A woman is relegated to the role of breeder in a dystopian pseudo-biblical society.
Margaret Atwood's well-known story explores a nation in which a woman's exclusive purpose is to bear children; not to raise them or care for them, just bear them. She creates a world where women have lost their hard-won rights and are confined to color-coded roles. The narrator of the story has the role of a handmaid who, like Abraham's Hagar, is forced to serve as a surrogate mother for a powerful couple. She is enslaved by her biological capabilities and must struggle against the society's insistence that the only valuable aspect of her womanhood is her body.
Perhaps the most interesting thing about this story is that the narrator can remember what life was like before the dystopian society arose. She had a life full of freedoms and loved ones and education, so she knows exactly what she is missing under the new order. Future generations of women would have an easier time in their restricted roles because they would not know just how different their lives could be. The author emphasizes that women should not forget the fragility of their positions and suggests that it is all too easy to accept a reduced place in the world.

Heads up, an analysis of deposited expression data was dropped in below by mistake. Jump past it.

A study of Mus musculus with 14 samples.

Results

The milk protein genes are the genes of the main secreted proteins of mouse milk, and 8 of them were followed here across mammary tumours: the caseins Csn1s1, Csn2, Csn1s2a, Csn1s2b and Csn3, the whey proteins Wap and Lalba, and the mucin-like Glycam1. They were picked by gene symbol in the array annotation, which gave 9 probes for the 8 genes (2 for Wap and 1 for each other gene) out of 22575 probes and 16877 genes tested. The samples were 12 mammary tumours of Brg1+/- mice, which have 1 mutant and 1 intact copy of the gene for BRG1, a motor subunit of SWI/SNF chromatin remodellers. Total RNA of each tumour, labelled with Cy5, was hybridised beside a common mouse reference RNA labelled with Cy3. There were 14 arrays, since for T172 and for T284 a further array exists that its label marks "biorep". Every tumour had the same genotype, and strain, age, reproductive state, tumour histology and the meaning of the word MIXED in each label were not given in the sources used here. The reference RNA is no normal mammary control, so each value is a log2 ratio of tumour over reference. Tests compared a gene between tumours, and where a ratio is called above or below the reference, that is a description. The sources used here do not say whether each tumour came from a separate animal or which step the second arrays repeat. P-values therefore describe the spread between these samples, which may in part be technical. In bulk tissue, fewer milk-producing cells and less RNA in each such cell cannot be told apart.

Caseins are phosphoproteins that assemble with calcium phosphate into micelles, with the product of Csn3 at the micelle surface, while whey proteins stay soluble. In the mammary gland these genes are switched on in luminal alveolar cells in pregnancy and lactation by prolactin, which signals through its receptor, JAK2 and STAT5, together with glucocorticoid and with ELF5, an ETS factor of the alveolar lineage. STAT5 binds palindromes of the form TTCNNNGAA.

The novel is framed as a fragmented retelling of the woman's experiences. Atwood revels in the art of storytelling, and reminds the reader than any story is necessarily a reconstruction of the truth. The narrator sometimes offers several different versions of the same event and some of the scenes are out of sequence. This form highlights the subjective nature of storytelling and of history itself. It is not a pleasant novel to read, but it is a thought-provoking and intelligent work.